Technocrat Media, Abuja
Buhari’s minister of works and housing, Babatunde Fashola says the completion of the second Niger bridge has reached 91 percent.
He disclosed that the project was planned to be completed last month but listed COVID-19 lockdown, #ENDSARS protests, and energy crisis as factors that affected the completion of the project.
Mr Fashola also said projects executed under the presidential infrastructure development fund (PIDF) by the Buhari administration have gulped about N1.3 trillion so far.
The minister disclosed this on Thursday during a media briefing at the statehouse, Abuja.
He said direct employment has been created for at least 1,486 people for the Second Niger Bridge, adding that 8,110 indirect jobs have been created.
Answering questions on the completion rate, Mr Fashola said the Lagos-Ibadan expressway and Second Niger Bridge will be completed this year while the main carriageway of Abuja-Kaduna-Zaria-Kano expressway is scheduled for completion by the second quarter of 2023, adding that ancillary works will be completed later.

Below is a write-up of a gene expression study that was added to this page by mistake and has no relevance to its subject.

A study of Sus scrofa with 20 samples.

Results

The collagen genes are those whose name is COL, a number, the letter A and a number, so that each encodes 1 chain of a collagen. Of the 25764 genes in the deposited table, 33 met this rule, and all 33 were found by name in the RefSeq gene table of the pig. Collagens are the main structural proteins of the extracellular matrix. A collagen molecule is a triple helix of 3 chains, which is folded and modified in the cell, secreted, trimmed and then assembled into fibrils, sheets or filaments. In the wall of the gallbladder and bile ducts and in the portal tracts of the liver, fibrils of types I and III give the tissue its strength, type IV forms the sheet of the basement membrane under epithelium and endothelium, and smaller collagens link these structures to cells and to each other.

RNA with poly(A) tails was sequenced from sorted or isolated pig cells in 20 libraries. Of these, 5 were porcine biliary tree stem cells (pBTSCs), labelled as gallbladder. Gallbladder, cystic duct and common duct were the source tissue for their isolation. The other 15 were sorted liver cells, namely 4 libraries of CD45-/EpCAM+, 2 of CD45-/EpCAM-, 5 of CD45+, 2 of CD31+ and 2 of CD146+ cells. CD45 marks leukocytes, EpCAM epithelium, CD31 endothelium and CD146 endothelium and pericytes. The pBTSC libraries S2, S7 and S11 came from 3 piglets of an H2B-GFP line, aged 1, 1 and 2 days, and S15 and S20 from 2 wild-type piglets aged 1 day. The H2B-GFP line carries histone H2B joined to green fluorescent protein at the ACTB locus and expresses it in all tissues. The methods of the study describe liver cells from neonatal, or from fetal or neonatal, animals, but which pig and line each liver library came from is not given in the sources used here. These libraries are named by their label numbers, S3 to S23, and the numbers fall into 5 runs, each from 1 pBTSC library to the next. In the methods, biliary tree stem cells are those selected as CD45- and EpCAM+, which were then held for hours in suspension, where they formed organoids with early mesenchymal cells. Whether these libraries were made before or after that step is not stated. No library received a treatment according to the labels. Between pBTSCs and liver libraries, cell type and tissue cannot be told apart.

The former Lagos state governor also said the Abuja-Kaduna-Zaria-Kano Expressway, a 375km road, cost N797billion; the Second Niger Bridge (11.59km) cost N206billion; and Lagos-Ibadan Expressway (127km) cost N310 billion.
“Right now, there is no private sector money in what you are seeing, not yet. NSIA manages the funds and the money I told you President Buhari has recovered that was stolen from Nigeria. So, it is government money so far.
“NSIA is talking to some investors who want to bring money, but they have not brought it. Invariably they will, and we expect that they will, and invariably we’ll extend to them concessions for better management but that is further down the line.”
The minister added that the claims that the Second Niger Bridge was fully funded by the previous administration are not true.
He also stated that the ongoing energy crisis in the country is affecting work on the projects as prices of petroleum products have increased.
He said the cost of transportation of materials has also increased, adding that food prices at construction sites across the country have also gone up.
“You’re probably also feeling it at home too on your table,” he told reporters.
“These are extremely globally challenging times, but for me, challenges are the reasons why governments exist.